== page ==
Editor’s Note: Fr. Jim Gardiner, SA is a member of the Franciscan Friars of the Atonement. Based in Washington, DC at the Franciscan Monastery of the Holy Land, Fr. Jim has served on the FMS Board of the Directors and is a friend of the FMS community. In this blog, Fr. Jim encourages readers to embrace the strangeness of this Christmas season so that God’s grace may work in our lives.
Up until a couple of months ago — nine to be precise — “gather” would have been at the top of our to-do list today. But then COVID-19 intervened, uninvited, and has made most of our traditional holiday gatherings not only dangerous, but in some situations potentially lethal. What to do!?
We could mope, pretend that we don’t hear the carols or can’t see the decorations. We could play hard-to-get, daring family and friends to cheer us up. We could make believe that Zoom calls are adequate substitutes for the feelings, sounds and smells of Christmas.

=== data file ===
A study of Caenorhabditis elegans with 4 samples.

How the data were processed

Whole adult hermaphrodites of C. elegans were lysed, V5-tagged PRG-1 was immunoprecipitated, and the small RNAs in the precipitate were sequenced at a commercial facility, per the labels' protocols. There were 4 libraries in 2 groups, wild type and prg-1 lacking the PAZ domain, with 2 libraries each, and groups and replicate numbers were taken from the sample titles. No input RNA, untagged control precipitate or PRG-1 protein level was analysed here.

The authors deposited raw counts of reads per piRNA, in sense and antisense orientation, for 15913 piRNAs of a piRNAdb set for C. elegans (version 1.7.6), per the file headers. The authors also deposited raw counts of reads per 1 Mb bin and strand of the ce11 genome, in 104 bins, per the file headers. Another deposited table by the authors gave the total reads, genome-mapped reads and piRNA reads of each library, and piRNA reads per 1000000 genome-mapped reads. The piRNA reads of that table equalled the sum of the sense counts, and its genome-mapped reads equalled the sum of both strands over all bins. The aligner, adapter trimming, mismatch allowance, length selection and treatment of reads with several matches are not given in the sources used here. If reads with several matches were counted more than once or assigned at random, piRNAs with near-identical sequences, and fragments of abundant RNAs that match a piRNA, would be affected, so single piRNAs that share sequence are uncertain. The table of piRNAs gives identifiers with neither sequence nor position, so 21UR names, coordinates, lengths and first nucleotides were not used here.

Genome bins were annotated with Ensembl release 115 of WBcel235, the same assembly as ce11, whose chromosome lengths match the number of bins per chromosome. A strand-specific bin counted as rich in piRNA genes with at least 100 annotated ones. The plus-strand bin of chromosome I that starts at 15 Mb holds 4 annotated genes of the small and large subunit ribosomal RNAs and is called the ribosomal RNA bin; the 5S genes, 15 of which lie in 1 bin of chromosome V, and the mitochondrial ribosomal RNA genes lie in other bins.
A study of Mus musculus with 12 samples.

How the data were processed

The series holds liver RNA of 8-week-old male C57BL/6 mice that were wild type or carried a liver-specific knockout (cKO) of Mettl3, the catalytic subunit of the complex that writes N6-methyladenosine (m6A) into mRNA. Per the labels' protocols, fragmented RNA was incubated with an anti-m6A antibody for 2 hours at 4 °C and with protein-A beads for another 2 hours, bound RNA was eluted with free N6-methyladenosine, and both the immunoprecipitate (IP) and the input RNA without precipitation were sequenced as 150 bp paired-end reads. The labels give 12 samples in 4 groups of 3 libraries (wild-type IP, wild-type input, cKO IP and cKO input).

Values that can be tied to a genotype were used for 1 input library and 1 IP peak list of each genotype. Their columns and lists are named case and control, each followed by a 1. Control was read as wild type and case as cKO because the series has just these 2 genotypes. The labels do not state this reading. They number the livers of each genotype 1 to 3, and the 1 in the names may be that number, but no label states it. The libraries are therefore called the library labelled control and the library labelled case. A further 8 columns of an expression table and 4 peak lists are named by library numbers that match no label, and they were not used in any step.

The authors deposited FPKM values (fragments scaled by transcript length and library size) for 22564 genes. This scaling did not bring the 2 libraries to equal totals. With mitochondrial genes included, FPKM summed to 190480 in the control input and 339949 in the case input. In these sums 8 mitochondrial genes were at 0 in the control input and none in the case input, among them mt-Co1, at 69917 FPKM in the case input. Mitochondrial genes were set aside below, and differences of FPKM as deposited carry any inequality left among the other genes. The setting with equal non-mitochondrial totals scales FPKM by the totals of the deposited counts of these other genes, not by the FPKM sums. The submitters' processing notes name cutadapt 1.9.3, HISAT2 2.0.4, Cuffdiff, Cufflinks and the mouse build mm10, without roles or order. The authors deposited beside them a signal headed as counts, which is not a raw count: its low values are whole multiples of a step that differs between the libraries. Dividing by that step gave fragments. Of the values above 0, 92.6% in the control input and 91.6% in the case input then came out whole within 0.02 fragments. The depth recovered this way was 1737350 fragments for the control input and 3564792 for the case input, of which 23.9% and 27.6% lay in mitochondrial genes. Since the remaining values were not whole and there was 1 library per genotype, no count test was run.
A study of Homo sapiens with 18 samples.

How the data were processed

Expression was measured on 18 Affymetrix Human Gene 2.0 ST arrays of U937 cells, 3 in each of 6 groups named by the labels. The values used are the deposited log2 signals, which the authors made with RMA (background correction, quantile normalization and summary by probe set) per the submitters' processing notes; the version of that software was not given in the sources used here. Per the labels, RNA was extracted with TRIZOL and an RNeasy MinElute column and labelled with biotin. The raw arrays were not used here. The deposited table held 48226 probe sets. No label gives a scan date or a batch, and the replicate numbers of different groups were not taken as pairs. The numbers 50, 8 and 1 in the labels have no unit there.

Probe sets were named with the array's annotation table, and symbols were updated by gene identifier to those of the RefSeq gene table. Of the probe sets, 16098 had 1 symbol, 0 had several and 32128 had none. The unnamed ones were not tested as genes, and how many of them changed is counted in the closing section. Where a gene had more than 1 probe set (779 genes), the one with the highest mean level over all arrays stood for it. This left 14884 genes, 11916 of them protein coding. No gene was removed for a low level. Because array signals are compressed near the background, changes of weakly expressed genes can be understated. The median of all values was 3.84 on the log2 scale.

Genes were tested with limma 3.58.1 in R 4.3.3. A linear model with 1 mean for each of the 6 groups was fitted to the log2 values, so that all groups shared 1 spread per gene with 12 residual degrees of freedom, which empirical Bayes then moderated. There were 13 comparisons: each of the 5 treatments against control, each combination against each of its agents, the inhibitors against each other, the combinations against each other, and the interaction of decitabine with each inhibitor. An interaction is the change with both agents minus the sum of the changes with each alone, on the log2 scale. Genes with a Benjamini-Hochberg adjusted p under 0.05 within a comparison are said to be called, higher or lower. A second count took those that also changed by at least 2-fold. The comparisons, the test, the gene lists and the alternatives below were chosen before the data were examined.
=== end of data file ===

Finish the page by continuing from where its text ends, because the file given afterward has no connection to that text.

Or, we could embrace this year’s emptiness, reminding ourselves as one French canonist recently reminded his colleagues that “social media [doesn’t create] great encounters, it creates microcosms of like-minded believers;”
but, as a French theologian added: “… emptiness is necessary to allow God to give his (sic) grace.”
However we gather today — virtually, safely, socially distanced, whatever — I take great comfort from the op-ed that Pope Francis wrote on Thanksgiving Day in the New York Times: it’s time “to re-think our priorities — what we value, what we want, what we seek — and to commit to act in our daily life on what we have dreamed of.”
Reflection question: How can embracing emptiness become a spiritual discipline for you this Advent and Christmas season?